NEW YORK – The American Society of Clinical Oncology's basket trial has reported positive results from three treatment arms involving patients with biomarker-defined advanced colorectal cancer.

At the Gastrointestinal Cancer Symposium in San Francisco this week, ASCO announced findings from three arms in its Targeted Agent and Profiling Utilization Registry (TAPUR) study. In one arm, colorectal cancer patients with high tumor mutational burden (defined as nine or more mutations per megabase) received pembrolizumab (Merck's Keytruda); in another arm, those with ERBB2 amplifications were treated with pertuzumab plus trastuzumab (Genentech's Perjeta/Herceptin); and in the third arm, patients with BRAF V600E mutations received cobimetinib plus vemurafenib (Genentech's Cotellic/Zelboraf).

ASCO launched TAPUR in 2015 to explore the off-label activity of marketed drugs in advanced cancer patients who harbor specific genomic alterations but are out of treatment options. The design of the study allows researchers to identify new signals of activity for cancer drugs in specific biomarker indications and study them in larger cohorts, or if no activity is seen, to retire the arm.

For example, if at least two of 10 patients experience disease control (defined as objective response rate or stable disease at 16 weeks), then 18 more patients are enrolled. If at least seven of 28 patients have disease control, then the drug is flagged for further study. All three arms reported at the Gastrointestinal Cancer Symposium met TAPUR's efficacy threshold, leading investigators to conclude that these drugs warrant further study in these indications.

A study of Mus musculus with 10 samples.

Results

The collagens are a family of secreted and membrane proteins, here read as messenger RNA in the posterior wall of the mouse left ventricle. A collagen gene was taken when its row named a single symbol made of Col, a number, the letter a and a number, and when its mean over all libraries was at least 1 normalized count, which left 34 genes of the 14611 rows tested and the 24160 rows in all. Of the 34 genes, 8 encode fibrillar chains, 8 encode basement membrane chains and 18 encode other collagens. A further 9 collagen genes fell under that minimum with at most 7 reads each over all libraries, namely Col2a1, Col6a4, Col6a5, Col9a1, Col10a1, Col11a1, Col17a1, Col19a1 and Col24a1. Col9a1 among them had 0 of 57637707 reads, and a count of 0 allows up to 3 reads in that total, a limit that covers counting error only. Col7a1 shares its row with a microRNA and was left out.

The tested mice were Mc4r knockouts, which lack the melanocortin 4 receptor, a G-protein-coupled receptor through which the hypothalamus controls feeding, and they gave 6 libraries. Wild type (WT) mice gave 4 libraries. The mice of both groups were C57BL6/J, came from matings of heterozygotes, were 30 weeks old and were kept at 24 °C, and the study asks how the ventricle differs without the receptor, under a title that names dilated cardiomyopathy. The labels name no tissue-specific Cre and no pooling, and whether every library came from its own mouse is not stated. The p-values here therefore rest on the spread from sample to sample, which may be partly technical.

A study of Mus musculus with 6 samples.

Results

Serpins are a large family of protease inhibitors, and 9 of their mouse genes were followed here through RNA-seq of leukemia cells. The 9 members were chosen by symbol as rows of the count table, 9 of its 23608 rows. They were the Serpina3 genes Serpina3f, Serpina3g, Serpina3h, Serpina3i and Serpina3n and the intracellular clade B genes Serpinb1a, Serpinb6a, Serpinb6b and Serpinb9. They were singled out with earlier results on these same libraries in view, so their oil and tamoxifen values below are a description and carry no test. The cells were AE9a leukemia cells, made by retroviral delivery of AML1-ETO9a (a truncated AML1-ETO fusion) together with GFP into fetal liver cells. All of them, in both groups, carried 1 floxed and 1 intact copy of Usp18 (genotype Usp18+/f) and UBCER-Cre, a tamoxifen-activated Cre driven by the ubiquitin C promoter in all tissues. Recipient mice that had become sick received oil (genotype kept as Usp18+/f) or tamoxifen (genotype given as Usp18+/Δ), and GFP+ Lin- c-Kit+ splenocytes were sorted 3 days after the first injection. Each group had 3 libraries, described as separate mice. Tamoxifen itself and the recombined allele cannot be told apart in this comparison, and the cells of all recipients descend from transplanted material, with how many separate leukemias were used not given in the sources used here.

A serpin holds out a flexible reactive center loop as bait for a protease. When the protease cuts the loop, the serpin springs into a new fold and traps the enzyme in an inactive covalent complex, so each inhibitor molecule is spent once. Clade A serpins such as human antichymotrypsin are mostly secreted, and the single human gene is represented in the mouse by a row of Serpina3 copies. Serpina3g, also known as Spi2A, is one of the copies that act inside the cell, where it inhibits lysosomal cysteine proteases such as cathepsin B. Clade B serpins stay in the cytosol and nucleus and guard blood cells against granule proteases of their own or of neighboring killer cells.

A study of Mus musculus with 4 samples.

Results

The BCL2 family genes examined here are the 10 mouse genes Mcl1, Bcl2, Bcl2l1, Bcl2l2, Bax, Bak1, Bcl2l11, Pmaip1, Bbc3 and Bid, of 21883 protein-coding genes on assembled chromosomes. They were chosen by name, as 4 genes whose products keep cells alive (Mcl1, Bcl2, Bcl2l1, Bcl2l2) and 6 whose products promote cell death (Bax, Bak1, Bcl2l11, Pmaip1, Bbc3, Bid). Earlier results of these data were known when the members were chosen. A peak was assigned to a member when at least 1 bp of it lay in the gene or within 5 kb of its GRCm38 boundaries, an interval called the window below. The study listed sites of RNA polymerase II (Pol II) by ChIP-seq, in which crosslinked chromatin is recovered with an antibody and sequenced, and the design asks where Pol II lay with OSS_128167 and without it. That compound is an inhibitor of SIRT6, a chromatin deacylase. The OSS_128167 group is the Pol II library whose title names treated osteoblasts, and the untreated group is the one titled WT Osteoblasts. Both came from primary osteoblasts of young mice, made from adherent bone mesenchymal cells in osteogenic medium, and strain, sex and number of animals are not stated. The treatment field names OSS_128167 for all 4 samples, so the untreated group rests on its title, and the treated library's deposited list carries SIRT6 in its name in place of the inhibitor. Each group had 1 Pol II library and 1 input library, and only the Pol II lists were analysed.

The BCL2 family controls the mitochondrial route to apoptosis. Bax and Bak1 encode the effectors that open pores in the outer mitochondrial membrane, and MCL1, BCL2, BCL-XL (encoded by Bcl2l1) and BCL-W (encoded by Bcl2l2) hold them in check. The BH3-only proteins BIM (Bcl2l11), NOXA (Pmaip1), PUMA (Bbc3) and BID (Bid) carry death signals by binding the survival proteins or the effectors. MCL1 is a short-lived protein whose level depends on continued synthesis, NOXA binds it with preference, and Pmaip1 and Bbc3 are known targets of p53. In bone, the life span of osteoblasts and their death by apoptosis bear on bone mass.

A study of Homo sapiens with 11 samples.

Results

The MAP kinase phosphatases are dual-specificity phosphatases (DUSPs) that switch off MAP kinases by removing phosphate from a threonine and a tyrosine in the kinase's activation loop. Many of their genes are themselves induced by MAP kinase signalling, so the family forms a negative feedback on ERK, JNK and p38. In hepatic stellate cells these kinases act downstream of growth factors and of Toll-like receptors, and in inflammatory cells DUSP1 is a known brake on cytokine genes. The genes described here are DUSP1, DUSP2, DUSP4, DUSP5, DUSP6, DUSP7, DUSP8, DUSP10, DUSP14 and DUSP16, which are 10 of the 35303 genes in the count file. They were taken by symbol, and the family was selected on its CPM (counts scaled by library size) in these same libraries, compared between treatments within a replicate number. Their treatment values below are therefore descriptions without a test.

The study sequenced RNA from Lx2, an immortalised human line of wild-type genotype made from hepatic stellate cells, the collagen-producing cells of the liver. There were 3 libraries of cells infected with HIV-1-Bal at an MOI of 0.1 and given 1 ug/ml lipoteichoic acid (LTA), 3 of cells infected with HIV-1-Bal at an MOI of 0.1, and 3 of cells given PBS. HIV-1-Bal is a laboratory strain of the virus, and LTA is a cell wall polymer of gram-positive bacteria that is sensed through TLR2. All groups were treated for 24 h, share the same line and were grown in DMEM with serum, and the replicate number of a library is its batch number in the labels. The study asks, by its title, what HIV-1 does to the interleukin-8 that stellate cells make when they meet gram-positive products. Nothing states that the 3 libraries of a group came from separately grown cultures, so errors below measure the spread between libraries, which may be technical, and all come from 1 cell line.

In the arm where 27 advanced CRC patients received pembrolizumab, tumor mutational burden ranged from nine mutations per Mb to 54 mutations per Mb. Tumor mutational burden was determined by Foundation Medicine's FoundationOne assay or other tests approved by TAPUR's molecular tumor board.

One patient had tumor shrinkage, and seven had stable disease for 16 or more weeks. There was a 28 percent disease control rate and 4 percent objective response rate. Two patients had a grade 3 adverse event and one patient had a serious incident of acute kidney injury.

In the second arm, 28 heavily pretreated CRC patients with ERBB2 amplification could be evaluated for their responses to pertuzumab and trastuzumab. Four patients experienced tumor shrinkage and 10 patients had stable disease for 16 or more weeks, resulting in a disease control and objective response rate of 50 percent and 14 percent, respectively. Two patients experienced grade 3 toxicity or a serious adverse event.

The investigators noted that this combination should be further studied in advanced CRC with ERBB2 amplifications. They also plan to explore responses in this setting based on patients' RAS mutation status.

In order to be eligible for enrollment in the third TAPUR arm, advanced CRC patients had to have a BRAF V600E, V600D, V600K, or V600R mutation, but could not harbor MAP2K1, MAP2K2, MEK1, MEK2, or NRAS mutations.

In the study, all 28 patients evaluable for treatment response had BRAF V600E mutations. Eight patients saw their tumors shrink and eight had stable disease for 16 weeks or longer, which amounted to a disease control rate of 57 percent and a objective response rate of 29 percent. Twelve patients had at least one grade 3 toxicity event or a serious adverse event.

The latest results add to the positive data that TAPUR investigators reported at ASCO's annual meeting last year. Those were the first positive readouts from the trial, involving palbociclib (Pfizer's Ibrance) in non-small cell lung cancer characterized by CDKN2A alterations and pembrolizumab in metastatic breast cancer with high tumor mutational burden.